Tech Companies Lose Trillions In Valuation This Year
Three trillion dollars in value lost… and counting.
Technology stocks soared to new heights during the pandemic and the ongoing burnout on reentry has been costly.
Even a stronger than expected U.S. gross domestic product (GDP) report today wasn’t enough to soften the landing for tech companies.
Tech companies lose $3 trillion in valuation this year
Meta Platforms, Inc. (META – formerly Facebook) looks to be the new face of dwindling mega-cap tech stocks.
META stock was down more than 24% in trading on Thursday after a dismal third quarter earnings report that revealed a $9 billion loss in its virtual reality division and weak fourth-quarter projections. META closed at $97.94, down 24.56% on the day for the lowest level in six years. META opened the year at $336.53.
Aggregate losses among former pandemic darling tech stocks has ballooned to more than $3 trillion in the last year among seven companies, including FAANG stocks.
FAANG stocks refer to high valuation technology companies that are significant players in all three major indexes and include META (formerly Facebook, Amazon, Apple, Netflix, and Google (now Alphabet).
The bite of FAANG stocks – leaders in the mega-cap tech block – is more of a bark among all the uncertain noise of this volatile stock market.
Add in weaker price action in Tesla, Inc. (TSLA) and Microsoft Corp. (MSFT) and the current market impact from mega-cap tech leaders is more of a “yip” heading into the fourth quarter.
Still, these tech stocks will play a role in the markets going forward. Within the overall technology sector, MSFT and AAPL account for 40% of valuation.
Economic numbers didn’t spur another market rally
Traders expected a stronger trading session Thursday after GDP numbers were released just as the stock market opened.
GDP numbers turned positive for the first time this year with a 2.6% increase in the third quarter. This included slightly fewer than expected jobless claims at 217,000 compared to the 220,000 forecasted. Claims were still higher than the second quarter which came in at 214,000.
While a slimmer trade deficit and more consumer spending contributed to the GDP boost, other areas held back a higher result. Core durable goods orders were weaker than expected at -.5%, housing numbers faltered, and consumer spending was down from the second quarter.
This core number in durable goods is a focus of the Federal Reserve (Fed) and its plans to raise benchmark interest rates again next week.
The Dow topped all indexes today, spiking by more than 400 points early in the session and holding on for a solid winning day. The Nasdaq – where tech stocks reign – was down once again along with the choppy S&P 500.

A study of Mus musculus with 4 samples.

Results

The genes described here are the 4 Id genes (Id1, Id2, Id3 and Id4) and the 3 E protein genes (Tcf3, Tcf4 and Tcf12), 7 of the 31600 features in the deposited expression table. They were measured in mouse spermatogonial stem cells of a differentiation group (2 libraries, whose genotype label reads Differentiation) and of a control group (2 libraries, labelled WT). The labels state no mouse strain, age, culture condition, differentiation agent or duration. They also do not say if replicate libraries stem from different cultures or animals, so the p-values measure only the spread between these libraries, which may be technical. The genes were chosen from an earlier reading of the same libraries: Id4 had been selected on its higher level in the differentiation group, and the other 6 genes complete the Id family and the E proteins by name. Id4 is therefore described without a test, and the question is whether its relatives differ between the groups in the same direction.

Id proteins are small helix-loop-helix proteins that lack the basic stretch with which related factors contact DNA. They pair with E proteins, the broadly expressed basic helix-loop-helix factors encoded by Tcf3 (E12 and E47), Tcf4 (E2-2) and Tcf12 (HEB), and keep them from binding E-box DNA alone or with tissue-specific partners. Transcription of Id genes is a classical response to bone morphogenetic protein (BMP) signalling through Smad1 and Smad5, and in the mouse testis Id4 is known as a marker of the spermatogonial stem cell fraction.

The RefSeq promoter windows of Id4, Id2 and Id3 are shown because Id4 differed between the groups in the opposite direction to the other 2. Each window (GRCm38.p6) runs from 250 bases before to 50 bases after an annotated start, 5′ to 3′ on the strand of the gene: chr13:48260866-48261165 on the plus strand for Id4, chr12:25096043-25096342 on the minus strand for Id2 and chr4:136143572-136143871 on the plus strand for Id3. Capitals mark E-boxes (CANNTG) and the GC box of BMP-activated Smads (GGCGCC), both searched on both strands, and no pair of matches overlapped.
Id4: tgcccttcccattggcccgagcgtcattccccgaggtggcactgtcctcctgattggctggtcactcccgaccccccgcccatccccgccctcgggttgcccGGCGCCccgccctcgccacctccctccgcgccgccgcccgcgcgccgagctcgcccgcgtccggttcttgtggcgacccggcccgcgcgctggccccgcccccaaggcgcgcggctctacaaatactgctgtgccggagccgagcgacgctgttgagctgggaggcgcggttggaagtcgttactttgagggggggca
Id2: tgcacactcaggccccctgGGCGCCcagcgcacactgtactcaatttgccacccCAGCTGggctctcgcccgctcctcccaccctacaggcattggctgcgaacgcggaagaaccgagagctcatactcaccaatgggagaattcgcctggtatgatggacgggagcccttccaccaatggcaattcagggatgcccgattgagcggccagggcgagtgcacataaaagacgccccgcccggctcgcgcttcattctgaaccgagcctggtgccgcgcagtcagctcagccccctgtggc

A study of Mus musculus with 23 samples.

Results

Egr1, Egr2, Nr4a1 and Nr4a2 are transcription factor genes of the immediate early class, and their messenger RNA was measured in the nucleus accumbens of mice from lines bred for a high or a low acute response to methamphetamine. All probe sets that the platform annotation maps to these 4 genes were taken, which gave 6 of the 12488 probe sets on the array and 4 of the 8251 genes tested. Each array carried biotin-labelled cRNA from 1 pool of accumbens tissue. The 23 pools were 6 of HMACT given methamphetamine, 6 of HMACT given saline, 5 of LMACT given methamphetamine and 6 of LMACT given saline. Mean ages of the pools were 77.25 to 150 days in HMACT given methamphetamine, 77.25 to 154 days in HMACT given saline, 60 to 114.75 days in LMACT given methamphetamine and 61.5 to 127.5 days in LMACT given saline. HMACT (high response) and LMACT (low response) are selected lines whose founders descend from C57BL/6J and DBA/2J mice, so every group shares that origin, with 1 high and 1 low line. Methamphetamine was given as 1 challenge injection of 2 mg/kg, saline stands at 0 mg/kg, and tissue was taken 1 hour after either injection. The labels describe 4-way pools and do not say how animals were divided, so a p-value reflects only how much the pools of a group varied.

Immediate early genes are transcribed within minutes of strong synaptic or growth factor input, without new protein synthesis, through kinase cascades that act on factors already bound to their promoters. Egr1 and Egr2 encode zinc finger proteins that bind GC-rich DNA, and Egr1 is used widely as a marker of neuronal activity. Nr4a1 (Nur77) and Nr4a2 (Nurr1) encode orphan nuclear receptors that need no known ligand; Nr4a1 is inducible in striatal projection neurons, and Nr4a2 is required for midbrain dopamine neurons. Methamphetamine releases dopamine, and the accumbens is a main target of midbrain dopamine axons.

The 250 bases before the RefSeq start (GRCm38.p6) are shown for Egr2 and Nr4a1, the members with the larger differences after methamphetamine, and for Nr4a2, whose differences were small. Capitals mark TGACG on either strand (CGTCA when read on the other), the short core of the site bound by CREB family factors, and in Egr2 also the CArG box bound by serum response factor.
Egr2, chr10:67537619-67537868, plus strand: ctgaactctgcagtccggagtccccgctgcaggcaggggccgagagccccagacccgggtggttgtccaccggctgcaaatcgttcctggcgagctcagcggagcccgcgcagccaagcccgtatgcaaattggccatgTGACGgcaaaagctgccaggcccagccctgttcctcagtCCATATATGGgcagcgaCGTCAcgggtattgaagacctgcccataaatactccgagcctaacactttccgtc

In the market today, the Dow closed at 32,033.28 points to gain .61% (adding 194.17 points on the day). The Nasdaq crumbled to 10,792.68 points for a 1.63% tumble while the S&P 500 slipped .61% to 3,807.30 points.
Fed ahead as traders await interest rate hike
This constant up-and-down, chop-and-go stock market is likely to continue as now traders are holding on to see what happens at the next (FOMC) meeting on Tuesday and Wednesday.
Expectations are for another 75 basis point hike in benchmark interest rates from the central bank decision makers.
But was the third quarter 2.6% GDP spike enough to sway the bankers to back off hawkish plans, even though the core GDP numbers were dodgy?
Traders may have to wait it out until the central bank makes the call next week.
“It’s just so tough to get on the right side of this market for more than about 15 minutes,” said Bruce Marshall, Senior Director of Options and Income Trading at Simpler Trading.
Losses in market-leading tech stocks don’t instill confidence in traders.
Traders looking for direction in this market can turn to a long-standing indicator, according to Kody Ashmore, Director of Weekly Options Strategies at Simpler Trading.
“If you want to know where the market is going to go, look at the dollar,” Kody said.
The dollar was at $110.60 at the close on Thursday, up by .83%. A strong dollar is generally not a plus for equities, particularly big-name tech stocks which often have overseas operations with higher costs due to a strong dollar.
An important skill for traders in this market is to contain emotions and focus on technical analysis.
“I want to be patient – just have to see what plays out in this market,” Kody said.